Earlier this week, the Second Circuit agreed to hear an appeal from the Southern District of New York concerning the impact of Comcast on wage and hour class actions. The court will consider this appeal “in tandem” with Roach v. T.L. Cannon Corp.—another employment class action from the Northern District of New York. While other Circuits have considered Comcast generally—including the Ninth Circuit’s ruling in Leyva v. Medline Indus., Inc., a factually distinguishable wage and hour case—the Second Circuit is now in position to render the most substantive and far-reaching interpretation of Comcast in the wage and hour context to date.
As we previously posted, the U.S. Supreme Court ruled earlier this year that a Rule 23 class action against Comcast Corp. was improperly certified because “[q]uestions of individual damage calculations will inevitably overwhelm questions common to the class.” Lower federal courts have since split on whether Comcast’s holding essentially creates a new or heightened standard for class certification. The Second Circuit’s granting of leave to appeal in these two cases indicates that it is ready to address this very question (i.e., what is the impact of individual damages on the certification process?).
In this suit, the plaintiffs asserted that their employer failed to compensate assistant store managers for hours worked in excess of 40 hours per week in violation of the FLSA and New York Labor Law (NYLL). Before the Comcast decision, the district court certified a Rule 23 class with respect to plaintiffs’ NYLL claims. The employer filed a motion for reconsideration in light of Comcast since the damage calculations for each of the 750 class members would be “inherently individualized” and plaintiffs offered no model to measure damages on a class-wide basis.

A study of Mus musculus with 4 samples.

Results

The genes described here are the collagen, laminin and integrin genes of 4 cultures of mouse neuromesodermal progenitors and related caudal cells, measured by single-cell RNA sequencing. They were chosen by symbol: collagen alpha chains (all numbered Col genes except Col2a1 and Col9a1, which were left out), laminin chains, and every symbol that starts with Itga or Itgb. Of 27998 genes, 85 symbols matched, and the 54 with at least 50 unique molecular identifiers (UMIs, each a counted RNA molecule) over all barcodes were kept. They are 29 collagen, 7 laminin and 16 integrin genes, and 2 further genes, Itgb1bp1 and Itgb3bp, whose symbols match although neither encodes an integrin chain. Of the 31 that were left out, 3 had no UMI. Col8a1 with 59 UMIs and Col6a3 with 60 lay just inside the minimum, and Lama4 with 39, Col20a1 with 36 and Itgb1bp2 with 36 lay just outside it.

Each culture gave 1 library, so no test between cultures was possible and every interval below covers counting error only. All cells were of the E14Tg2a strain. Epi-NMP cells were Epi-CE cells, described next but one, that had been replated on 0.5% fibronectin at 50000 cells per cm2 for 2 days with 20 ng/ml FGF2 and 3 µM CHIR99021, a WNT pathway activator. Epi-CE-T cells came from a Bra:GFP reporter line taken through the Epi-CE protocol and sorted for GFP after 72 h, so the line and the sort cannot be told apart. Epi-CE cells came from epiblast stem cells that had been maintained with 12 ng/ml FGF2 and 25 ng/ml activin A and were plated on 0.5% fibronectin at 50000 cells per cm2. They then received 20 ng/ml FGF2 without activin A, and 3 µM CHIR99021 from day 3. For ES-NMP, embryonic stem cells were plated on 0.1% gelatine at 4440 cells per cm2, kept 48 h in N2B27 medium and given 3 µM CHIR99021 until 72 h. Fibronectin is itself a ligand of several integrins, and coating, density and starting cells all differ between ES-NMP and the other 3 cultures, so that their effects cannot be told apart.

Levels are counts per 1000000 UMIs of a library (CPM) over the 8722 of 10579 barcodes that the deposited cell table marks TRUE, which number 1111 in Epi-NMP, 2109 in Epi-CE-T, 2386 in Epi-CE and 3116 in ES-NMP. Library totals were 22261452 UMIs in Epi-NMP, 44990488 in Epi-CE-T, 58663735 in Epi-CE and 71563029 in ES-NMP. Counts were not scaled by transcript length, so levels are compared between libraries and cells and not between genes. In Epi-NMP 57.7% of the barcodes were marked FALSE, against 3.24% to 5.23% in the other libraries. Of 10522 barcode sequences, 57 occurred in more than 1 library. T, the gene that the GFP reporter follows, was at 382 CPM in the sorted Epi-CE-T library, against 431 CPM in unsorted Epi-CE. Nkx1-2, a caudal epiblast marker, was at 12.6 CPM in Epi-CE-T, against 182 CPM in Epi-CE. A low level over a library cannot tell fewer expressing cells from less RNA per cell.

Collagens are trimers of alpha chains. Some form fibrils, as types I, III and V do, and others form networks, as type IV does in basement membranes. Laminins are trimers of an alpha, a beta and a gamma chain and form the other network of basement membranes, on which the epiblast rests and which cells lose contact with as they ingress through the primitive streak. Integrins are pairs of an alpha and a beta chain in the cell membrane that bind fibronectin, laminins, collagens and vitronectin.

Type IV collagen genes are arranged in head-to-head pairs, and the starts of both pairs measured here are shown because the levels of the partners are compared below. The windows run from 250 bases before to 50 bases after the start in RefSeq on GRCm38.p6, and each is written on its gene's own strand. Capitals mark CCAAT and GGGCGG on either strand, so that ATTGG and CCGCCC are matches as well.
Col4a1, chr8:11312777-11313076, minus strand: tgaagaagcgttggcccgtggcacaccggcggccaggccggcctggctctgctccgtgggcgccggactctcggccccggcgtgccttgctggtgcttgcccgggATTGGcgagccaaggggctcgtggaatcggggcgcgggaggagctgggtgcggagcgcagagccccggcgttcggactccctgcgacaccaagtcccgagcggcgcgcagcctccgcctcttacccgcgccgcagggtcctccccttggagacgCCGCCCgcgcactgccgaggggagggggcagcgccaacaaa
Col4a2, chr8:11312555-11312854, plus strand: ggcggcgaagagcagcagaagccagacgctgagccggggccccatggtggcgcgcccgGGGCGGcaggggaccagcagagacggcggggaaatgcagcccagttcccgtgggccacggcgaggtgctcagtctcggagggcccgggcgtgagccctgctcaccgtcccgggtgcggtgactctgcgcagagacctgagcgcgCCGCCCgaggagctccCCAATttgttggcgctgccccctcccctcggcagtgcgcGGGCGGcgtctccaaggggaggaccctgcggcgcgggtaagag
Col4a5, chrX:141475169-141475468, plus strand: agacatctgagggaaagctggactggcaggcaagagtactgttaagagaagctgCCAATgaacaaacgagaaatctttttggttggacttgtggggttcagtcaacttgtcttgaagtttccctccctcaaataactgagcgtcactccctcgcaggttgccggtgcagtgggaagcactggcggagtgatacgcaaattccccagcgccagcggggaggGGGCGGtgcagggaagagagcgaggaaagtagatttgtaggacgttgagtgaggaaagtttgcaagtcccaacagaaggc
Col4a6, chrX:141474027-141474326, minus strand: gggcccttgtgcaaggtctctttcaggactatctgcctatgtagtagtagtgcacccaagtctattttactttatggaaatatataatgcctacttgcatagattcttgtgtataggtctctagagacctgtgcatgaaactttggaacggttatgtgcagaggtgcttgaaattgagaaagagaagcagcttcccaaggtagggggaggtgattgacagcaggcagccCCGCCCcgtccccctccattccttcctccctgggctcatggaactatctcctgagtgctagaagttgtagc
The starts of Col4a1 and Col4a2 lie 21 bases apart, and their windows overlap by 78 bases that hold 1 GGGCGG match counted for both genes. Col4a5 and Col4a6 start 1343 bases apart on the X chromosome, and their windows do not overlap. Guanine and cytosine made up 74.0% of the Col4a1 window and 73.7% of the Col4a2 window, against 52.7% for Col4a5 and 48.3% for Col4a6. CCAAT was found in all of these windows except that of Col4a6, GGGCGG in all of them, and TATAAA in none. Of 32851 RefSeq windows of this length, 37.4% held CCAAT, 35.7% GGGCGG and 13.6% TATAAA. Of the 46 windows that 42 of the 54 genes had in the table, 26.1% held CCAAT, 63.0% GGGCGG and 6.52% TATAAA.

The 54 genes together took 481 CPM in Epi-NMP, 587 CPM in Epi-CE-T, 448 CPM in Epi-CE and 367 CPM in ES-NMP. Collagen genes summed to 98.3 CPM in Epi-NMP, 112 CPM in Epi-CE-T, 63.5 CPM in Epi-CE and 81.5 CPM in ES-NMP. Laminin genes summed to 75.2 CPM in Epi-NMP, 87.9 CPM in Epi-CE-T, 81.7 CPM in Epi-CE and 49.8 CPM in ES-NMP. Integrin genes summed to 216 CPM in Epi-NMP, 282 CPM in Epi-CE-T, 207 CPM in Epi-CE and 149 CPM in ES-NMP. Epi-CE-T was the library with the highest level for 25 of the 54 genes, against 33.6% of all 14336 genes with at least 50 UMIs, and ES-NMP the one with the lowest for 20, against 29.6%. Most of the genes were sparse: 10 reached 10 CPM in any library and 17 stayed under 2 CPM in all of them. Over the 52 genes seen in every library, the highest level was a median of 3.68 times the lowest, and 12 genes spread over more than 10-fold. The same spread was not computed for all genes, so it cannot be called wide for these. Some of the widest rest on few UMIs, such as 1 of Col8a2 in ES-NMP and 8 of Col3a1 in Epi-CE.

In ruling on the defendant’s motion, the district court noted that subsequent decisions applying Comcast have generally fallen into three categories: (1) courts distinguishing Comcast and finding a common formula at the class certification stage (like Medline); (2) courts applying Comcast and rejecting class certification on the ground that no common formula for damages exists (like Roach); and (3) courts embracing a “middle approach” whereby they employ Rule 23(c)(4) and maintain class certification as to liability only, leaving damages for a separate, individualized determination. In light of the individualized damages for the assistant store managers at issue, the district court opted for the “middle approach” by affirming class certification with respect to liability, while “partially decertify[ing]” the class by requiring plaintiffs to proceed individually on their damages claims (assuming liability is found).
By granting leave to appeal for these two cases (i.e., cases which embody two of the three approaches taken by the lower courts), it seems inevitable that the Second Circuit will rule on what it considers to be the proper class certification analysis under Comcast. Its holding may have significant impact on wage and hour cases throughout the country since those cases often involve the calculation of highly-individualized damages for each class member. Employers and employees will, therefore, watch this case carefully to see if the Second Circuit rules that, pursuant to Comcast, the existence of individualized damages is a reason to deny class certification in full, only with respect to damages, or not at all.